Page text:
St. Albans School, England
Last June I had the honor of giving the Founder's Day address at St. Albans School, England. It was a thrill for me to worship in the spot where Saint Alban was martyred and share my thoughts with the faculty and students of a school that is perhaps one thousand years old. Headmaster Simon Wilkinson graciously arranged for Martha, Kevin ('97) and me to spend the month of August in his home at St. Albans School. The School is in the lovely city of St. Albans, just twenty miles north of London. Frank Kilvington, who was headmaster of St. Albans from 1964 to 1984, has written a lively history of the school. The history shows some interesting parallels and some distinct differences from St. Albans, Washington.
Sometime between the founding of St. Albans Abbey in 948 and the arrival of the Normans in 1066, an abbey school called St. Albans was begun. The earliest written record of its existence dates from the year 1100, but it is clear that it had been in operation for a long time before that date. The school met in the Lady Chapel in the east end of the abbey church. St. Albans showed its belief in the written word by possessing the third printing press to exist in England. When the abbey was destroyed during the Reformation, the school closed also.
In 1570 Queen Elizabeth I granted a charter for the reopening of St. Albans School. The school was to be for boys. It included both day and boarding students and was closely associated with the abbey church. For several hundred years after 1570 it had a unique fund-raising device. The income from licensing fees of all wine shops in St. Albans went directly to the school. (St. Albans, Washington, is investigating a similar arrangement here.) Like its namesake in Washington, it was committed from the very beginning to providing scholarships "and poor men's children were to be received into it before others." School hours were from six a.m. to eleven a.m. and from one p.m. until five. However, on Saturdays the lucky children were dismissed early at three p.m. All schools have problems with maintenance and particularly roofs. By 1606 the school had to spend the princely sum of five pounds to repair the library roof, and in 1622, 624 pounds of lead had to be used to replace the main roof of the school.
Readers of the Bulletin will remember that a few years ago Princess Diana swam in our Lawrence Pool. Our older cousin had a royal visitor as early as 1626 when King Charles I visited St. Albans. For quite a few years there was a growing scandal because the Visitors appointed to oversee the school spent a significant portion of the school income on their annual dinner. By 1711 that dinner cost more than one-third of the annual amount paid to the headmaster.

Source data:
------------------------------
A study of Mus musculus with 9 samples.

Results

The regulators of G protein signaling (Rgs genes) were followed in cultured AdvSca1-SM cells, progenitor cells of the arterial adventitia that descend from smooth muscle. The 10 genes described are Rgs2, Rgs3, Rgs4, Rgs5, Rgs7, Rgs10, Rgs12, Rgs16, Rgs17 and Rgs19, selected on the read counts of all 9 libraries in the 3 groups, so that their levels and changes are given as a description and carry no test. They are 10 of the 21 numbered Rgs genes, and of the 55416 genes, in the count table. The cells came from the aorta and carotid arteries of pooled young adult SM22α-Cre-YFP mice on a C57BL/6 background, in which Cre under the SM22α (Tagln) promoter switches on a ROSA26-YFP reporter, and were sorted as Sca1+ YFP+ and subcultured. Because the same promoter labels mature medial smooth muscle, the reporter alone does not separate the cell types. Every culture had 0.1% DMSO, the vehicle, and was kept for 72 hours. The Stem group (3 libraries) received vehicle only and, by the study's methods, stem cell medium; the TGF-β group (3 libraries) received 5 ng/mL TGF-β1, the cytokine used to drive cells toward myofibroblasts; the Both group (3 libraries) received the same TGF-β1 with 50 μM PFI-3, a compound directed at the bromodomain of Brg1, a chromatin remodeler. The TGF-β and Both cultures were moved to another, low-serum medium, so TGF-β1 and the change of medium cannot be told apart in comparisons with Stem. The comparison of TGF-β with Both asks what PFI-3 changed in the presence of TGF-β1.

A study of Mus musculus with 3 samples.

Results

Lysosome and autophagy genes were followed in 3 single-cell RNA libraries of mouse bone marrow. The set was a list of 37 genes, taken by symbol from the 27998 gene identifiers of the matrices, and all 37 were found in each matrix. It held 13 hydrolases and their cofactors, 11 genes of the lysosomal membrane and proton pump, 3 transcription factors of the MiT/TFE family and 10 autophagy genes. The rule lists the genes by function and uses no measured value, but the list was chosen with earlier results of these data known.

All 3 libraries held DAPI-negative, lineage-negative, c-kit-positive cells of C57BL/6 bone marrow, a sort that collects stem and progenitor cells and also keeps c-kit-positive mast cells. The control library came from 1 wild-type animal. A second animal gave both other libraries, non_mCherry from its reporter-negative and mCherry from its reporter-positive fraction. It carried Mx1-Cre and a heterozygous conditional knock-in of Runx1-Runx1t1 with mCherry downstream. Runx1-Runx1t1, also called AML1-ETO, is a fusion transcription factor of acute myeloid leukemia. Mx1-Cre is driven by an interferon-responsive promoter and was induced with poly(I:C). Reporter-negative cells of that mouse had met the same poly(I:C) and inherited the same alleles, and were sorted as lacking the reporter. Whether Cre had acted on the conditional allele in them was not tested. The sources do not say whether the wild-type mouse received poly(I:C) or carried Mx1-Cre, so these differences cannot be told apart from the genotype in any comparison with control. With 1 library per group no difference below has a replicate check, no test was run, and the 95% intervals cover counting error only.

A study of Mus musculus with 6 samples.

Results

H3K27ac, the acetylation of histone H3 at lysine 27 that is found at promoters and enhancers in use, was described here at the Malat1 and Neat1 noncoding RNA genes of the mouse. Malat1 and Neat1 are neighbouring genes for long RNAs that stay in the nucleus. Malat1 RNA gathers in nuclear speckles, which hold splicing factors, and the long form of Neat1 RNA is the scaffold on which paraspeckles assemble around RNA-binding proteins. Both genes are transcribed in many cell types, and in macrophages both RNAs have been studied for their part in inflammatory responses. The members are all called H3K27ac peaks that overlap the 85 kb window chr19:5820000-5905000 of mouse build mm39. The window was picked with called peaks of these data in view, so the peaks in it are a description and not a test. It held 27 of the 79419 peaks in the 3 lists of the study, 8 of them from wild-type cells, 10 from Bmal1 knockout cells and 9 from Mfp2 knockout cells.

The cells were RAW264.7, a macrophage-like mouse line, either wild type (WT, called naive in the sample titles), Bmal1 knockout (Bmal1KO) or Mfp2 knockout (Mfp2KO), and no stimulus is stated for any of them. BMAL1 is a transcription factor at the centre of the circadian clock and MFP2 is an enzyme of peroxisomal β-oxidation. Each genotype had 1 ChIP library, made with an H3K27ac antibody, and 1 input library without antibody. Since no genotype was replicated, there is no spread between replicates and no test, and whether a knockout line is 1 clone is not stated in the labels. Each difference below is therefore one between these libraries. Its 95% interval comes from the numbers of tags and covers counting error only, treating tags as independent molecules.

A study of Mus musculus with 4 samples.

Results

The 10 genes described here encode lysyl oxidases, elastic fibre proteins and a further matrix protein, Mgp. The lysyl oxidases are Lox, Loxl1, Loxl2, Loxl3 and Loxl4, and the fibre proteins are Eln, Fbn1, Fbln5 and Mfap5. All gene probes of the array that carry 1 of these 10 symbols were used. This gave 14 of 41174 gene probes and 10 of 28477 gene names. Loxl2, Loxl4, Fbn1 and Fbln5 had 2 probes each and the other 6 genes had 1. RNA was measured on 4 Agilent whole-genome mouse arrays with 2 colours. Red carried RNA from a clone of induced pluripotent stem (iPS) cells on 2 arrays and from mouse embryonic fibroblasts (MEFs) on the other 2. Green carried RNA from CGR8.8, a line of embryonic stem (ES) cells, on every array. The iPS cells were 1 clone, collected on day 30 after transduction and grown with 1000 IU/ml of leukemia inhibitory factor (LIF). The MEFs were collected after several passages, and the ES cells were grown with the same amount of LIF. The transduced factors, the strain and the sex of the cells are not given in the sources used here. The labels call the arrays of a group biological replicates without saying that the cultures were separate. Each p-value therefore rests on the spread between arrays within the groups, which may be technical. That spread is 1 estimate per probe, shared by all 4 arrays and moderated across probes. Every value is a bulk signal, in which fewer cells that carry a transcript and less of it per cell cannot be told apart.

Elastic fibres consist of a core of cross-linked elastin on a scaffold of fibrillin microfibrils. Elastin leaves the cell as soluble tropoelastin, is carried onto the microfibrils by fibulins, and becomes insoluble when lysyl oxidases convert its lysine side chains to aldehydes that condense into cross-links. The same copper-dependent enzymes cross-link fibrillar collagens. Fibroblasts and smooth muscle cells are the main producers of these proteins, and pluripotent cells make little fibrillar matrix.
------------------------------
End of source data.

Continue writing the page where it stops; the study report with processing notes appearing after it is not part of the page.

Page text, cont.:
Educators will always be debating curricular matters. In the eighteenth century, there was a very long and lively debate about whether the school should continue to emphasize "Latin, Greek and classic orders" or begin to offer an education better suited to those who would be spending their lives in trade or commerce. One of the best lines I have ever seen was written by Benjamin Preedy, the headmaster in 1762. He wrote to the Corporation "that he had no scholars to teach but that he was ready and willing to teach as many as should be sent to him." Amazingly, he hung on as headmaster for twenty-one years and was succeeded briefly by his son.
I suppose it is true that all schools occasionally have their legal difficulties. The history of St. Albans, England, makes it clear there were a number of times it was involved in cases in Chancery, some of which dragged on for as long as five years. Toward the end of the nineteenth century, the school moved out of the Lady Chapel of the abbey and into the old medieval gatehouse. Gradually more buildings were built (at the rate of about one a decade) and the school spread down the hill. I am personally intrigued by the fact that Montague Jones, the headmaster from 1902-1931, who increased the school from 56 boys to 454, had been a cross country ronner at university. Apparently, he looked for similar skills in some of his teachers. A member of the faculty, Tommy Hampson, won the 800 meters at the 1932 Olympics Games, establishing a new world record. The World War II brought both hardships and glory to St. Albans. The first British flying officer to be decorated for bravery was an old boy of St. Albans.
After the war, the school continued to change. In 1956 it closed its boarding operation. In1972 the Labor government abolished the direct grant system which had been a major source of income for the school. At that time, it became an independent school and moved vigorously into the modem era of serious fund-raising. Part of that fund-raising continued to be aimed at providing scholarships for boys who were unable to pay the tuition. In the 1970's, a program of social service was instituted. Today, St. Albans stands as a first-rank day school with excellent facilities and a strong reputation of preparing boys for university.
Frank Kilvington and Canon Martin enjoyed visiting each other. I am delighted that the Mullins and the Wilkinsons have established contact and that we had the pleasure and honor of spending part of our sabbatical at our much older cousin in England.
This letter appeared in the Winter 1989 issue of The St. Albans Bulletin.